The Biden Administration is developing plans for how it will restart federal student loan payments next year when the pause on monthly payments will end.
The Education Department is eyeing proposals to give borrowers more options and flexibility as they face student loan payments for the first time in two years. Options include an initial grace period for missed payments.
Education officials are also discussing policies to make it easier for millions of borrowers to remain enrolled in income-based repayment programs, allowing borrowers to avoid a sudden increase in their monthly payment.
The plans are being developed to avoid a surge in delinquencies when payments resume in February 2022. Currently, more than 40 million borrowers owe $1.59 trillion in student loan payments. The situation has also drawn political lines as Progressive Democrats have been pressuring Biden to cancel widespread student loan debt since the day he was sworn into office.
Education Secretary Miguel Cardona has said he wants a smooth “ramp up” for borrowers to restart payments. The department’s Student Aid Chief Rich Cordray told Politico the agency is discussing a major public outreach campaign including paid advertisements, to make student loan borrowers aware of their options.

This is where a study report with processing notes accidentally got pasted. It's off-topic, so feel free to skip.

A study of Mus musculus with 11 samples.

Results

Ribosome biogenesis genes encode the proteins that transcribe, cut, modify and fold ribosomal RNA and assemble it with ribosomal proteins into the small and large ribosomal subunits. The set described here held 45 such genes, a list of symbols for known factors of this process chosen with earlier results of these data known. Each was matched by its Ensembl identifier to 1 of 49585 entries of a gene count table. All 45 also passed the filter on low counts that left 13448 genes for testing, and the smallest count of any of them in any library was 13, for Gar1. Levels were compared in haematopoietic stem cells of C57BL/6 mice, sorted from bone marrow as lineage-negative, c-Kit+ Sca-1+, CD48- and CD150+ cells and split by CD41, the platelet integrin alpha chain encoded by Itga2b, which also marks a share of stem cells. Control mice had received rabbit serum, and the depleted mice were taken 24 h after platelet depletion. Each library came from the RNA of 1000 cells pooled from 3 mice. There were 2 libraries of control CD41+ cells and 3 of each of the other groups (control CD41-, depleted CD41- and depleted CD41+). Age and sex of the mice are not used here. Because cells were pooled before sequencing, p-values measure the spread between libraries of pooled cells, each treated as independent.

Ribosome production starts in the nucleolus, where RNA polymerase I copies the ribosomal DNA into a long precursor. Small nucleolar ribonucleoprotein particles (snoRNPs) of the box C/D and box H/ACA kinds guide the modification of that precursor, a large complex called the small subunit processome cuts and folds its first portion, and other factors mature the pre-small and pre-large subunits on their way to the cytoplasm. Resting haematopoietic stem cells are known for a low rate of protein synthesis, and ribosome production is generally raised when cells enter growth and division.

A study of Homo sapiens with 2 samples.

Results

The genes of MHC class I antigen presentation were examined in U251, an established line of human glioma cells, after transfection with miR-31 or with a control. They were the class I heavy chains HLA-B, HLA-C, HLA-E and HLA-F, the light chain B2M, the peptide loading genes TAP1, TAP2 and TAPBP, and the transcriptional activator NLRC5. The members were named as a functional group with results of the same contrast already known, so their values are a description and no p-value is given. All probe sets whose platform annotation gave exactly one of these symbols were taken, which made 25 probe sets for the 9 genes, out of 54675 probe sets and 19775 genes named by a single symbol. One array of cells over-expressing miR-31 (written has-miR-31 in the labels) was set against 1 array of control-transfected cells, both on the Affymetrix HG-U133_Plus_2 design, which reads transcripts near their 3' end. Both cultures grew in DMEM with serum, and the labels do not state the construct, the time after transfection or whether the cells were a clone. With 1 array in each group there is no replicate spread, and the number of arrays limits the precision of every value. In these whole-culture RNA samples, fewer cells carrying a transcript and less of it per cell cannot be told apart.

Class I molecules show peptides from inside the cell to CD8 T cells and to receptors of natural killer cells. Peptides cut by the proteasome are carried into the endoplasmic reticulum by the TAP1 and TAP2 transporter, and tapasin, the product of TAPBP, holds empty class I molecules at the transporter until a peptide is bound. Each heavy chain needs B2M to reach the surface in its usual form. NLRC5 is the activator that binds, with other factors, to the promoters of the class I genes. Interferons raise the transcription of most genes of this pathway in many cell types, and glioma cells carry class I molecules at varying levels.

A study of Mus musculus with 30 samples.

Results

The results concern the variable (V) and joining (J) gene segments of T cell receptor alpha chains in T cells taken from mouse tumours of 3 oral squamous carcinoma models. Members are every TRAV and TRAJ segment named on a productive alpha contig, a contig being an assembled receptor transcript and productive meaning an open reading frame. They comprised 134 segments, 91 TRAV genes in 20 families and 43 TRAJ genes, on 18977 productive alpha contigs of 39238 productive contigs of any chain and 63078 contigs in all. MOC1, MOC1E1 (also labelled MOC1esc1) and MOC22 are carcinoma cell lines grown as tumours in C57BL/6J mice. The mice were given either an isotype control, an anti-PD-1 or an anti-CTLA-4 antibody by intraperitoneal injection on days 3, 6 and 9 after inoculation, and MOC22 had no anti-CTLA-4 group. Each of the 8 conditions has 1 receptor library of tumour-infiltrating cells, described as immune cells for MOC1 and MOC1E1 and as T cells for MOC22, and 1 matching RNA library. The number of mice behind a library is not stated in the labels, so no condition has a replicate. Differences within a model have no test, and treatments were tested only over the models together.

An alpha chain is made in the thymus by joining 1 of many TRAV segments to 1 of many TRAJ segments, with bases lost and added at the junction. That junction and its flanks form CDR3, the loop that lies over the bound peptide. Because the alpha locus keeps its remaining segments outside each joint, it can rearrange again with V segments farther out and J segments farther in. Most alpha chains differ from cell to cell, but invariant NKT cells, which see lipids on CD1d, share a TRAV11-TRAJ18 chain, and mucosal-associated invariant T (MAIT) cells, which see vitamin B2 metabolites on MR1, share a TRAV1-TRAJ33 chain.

Education Department officials have instructed their student loan servicers to create a “safety net” for borrowers in the first three months after their payment resumes. Borrowers who miss a payment during the grace period wouldn’t be penalized or dinged on their credit reports.
The department is also planning to directly reach out to certain groups of at-risk studenht loan borrowers including those who were delinquent before the pandemic, never graduated from college or recently began repaying their loans. The department is also extending its call center hours to handle an anticipated increase in the coming months.
Another move officials are discussing is a proposal making it easier for borrowers to enroll in income-based repayment programs. Those programs typically force borrowers to show proof of their income and family size yearly. That requirement was suspended during the pandemic, but now that payments are restarting, 9 million borrowers will have to recertify their income again.